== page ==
Monday, October 24, 2011

Booker Prize winner Alan Hollinghurst reads from his new novel at Outwrite

Posted By on Mon, Oct 24, 2011 at 2:31 PM

Novelist Alan Hollinghurst will read from and sign his new novel The Strangers Child at Outwrite Bookstore & Coffeehouse on Wednesday, October 26, at 7:30 pm.
  • Robert Taylor
  • Novelist Alan Hollinghurst will read from and sign his new novel "The Stranger's Child" at Outwrite Bookstore & Coffeehouse on Wednesday, October 26, at 7:30 pm.
It's odd to hear a writer describe one of the world's most prestigious literary prizes as “the enemy.” But novelist Alan Hollinghurst, who won the Man Booker Prize for his 2004 novel The Line of Beauty, speaks about that honor in the same way he speaks about many other things: with a self-deprecating, wry, and wary judgment. “For a while it really did become the enemy,” he says. “I traveled and spoke about the book until I was almost sick of the thought of it.”

Although Hollinghurst had developed a strong reputation and a growing readership with his first three novels, the 2004 prize for his fourth brought the writer a level of attention and popular acclaim he was unaccustomed to. He'd originally had trouble even finding a publisher for his first novel The Swimming Pool Library and had often been quarantined with the label “gay writer.” The new and sudden mainstream acclaim was both welcome encouragement and unwelcome distraction, he says.

In spite of his mixed feelings about the sudden attention and exhausting speaking and touring schedule the Booker brought, Hollinghurst says that he's actually looking forward to his upcoming five-city American tour to promote his latest novel The Stranger's Child, his first book in the seven years since The Line of Beauty. The tour begins with a stop in Atlanta at Outwrite Books on Wednesday, October 26, at 7:30 pm. “It's still wonderful to step out from behind the desk every now and again and meet the readers face-to-face,” he says. “I quite enjoy it.”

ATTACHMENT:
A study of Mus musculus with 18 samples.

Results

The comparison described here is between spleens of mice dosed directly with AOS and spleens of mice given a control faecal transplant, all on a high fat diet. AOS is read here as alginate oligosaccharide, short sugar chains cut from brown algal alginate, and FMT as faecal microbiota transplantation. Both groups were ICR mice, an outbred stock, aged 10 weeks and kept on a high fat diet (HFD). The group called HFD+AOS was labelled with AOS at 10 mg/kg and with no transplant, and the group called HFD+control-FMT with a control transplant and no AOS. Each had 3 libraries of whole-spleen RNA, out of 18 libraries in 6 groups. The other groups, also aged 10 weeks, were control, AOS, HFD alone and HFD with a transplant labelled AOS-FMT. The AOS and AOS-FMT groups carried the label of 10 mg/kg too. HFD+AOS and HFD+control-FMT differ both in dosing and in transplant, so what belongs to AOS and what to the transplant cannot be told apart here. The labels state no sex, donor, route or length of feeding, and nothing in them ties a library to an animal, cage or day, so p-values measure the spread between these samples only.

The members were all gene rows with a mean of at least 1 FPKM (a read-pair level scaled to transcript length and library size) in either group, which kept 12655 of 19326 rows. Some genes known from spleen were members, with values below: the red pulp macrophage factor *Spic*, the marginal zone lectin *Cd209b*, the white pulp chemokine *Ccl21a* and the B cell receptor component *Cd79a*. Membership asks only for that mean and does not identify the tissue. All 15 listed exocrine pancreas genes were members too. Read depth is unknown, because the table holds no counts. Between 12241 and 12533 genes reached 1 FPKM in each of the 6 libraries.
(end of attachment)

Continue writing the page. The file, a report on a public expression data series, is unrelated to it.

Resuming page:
The Stranger's Child concerns the history of a poet who dies in the First World War, after which his past is first buried and then uncovered by family, acquaintances, and biographers. “I wanted to write a novel about the Great War without the war in it,” Hollinghurst explains, “to examine a group of characters before the war and then meet them again afterwords to examine the effect.” The novel, originally conceived in two sections, eventually became five parts, one before the war and four parts after as biographers, family members, and acquaintances piece together and cling to the memories and written traces of the man as time passes. Like his other novels, the book examines “the hidden vein of gay history,” as Hollinghurst refers to it.

“There's a lot of easy nostalgia and fantasy about the past in England at the moment,” Hollinghurst says, clearly uncomfortable with the possibility of his novel being marketed in the Downton Abbey niche: like several of his earlier works, The Stranger's Child shows a fascination for English country houses, their histories and fates. Hollinghurst originally wanted to become an architect; he says he is now designing and living in interesting houses in another way. But in the end, The Stranger's Child is more anti-nostalgia than nostalgia, dealing with the complications of the past and the impossibility of its full understanding or recovery. “It's a book about time and its workings, and memory and its failings,” he says.